Inspired by real testimonies, Isaac Gomez’s La Ruta takes place from 1998 to 2000 in and around the large maquiladoras of Ciudad Juárez, Mexico. Disappearances and murders are frighteningly common among the women who staff these large, foreign-owned factories; the late-night bus rides home from their shifts are especially dangerous. Brought to blazing life at Steppenwolf by director Sandra Marquez and a superb cast of women, Gomez’s brutally lyrical play is hard to watch, but must be seen.
Sandra Delgado plays Yoli, whose daughter, Brenda (Cher Alvarez), fails to return home from work one day; suspicion for her disappearance falls on Brenda’s brash yet mysterious coworker Yvonne (the charismatic Karen Rodriguez, a frequent Gomez collaborator). Charin Alvarez portrays Yoli’s friend Marisela, whose daughter disappeared under similar circumstances years earlier. In tracking these four women’s lives, La Ruta moves back and forth across time with a combination of clear-eyed tenderness and burning rage at their mistreatment.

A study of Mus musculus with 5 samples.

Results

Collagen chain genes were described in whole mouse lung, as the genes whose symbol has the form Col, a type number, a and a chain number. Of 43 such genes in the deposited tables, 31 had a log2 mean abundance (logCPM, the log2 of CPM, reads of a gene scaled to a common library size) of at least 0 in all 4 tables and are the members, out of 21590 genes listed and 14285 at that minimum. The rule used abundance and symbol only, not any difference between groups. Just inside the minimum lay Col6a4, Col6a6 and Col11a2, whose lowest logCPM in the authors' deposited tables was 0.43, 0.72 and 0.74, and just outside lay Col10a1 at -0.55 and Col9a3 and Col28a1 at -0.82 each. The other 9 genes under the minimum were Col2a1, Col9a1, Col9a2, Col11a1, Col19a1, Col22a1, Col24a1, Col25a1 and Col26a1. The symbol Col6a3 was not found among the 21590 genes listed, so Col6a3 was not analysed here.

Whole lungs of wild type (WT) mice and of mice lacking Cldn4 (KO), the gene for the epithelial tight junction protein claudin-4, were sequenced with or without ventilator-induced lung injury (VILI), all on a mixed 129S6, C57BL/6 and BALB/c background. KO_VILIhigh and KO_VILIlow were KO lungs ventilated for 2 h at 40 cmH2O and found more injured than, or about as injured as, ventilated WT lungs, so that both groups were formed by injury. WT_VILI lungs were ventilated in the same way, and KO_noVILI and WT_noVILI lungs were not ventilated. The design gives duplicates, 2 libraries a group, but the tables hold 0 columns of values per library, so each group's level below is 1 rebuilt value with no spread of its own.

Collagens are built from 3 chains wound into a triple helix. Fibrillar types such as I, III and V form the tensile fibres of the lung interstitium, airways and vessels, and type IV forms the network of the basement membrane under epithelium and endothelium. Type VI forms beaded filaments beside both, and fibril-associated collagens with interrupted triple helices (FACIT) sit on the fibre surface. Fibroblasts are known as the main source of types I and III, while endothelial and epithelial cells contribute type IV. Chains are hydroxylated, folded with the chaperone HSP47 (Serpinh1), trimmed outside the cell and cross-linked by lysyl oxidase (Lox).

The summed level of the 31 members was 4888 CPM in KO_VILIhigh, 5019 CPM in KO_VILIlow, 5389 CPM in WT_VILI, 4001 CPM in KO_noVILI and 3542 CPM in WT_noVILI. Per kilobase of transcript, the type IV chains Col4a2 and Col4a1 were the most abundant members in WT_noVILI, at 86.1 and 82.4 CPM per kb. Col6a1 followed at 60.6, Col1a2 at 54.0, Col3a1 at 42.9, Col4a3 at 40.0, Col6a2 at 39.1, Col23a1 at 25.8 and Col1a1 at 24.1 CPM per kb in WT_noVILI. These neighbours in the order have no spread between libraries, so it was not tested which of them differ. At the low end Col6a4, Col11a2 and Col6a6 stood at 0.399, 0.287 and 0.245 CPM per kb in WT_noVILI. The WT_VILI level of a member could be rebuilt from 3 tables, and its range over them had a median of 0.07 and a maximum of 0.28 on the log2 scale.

Gomez’s 2016 play The Way She Spoke explored this same subject to devastating effect. La Ruta, by comparison, has some difficulty balancing its larger themes with its desire for intimacy. There is simply too much to do here within its slim 95-minute running time; a longer version would be welcome, especially with this same cast. (Rodriguez is one of Chicago’s best actors, and Alvarez’s turn as the guileless Brenda—playing wide-eyed youths is harder than it looks—heralds great things to come.)
La Ruta features live music throughout—sung by the cast and led by Lara Crotte on guitar—as well as masterfully kinetic projections designed by Rasean Davonte Johnson. These elements help bring out the show’s surreal dimensions. In his swirling hybrid of play, ballad and documentary, Gomez twists real life just enough to highlight the incomprehensible wrongness of what’s happening in Juárez: a dream that all too easily turns into a very real nightmare.
Steppenwolf Upstairs Theatre. By Isaac Gomez. Directed by Sandra Marquez. With Karen Rodriguez, Charin Alvarez, Sandra Delgado, Cher Alvarez, Laura Crotte, Mari Marroquin , Alice da Cunha, Isabella Gerasole. Running time: 1hr 35mins. No intermission.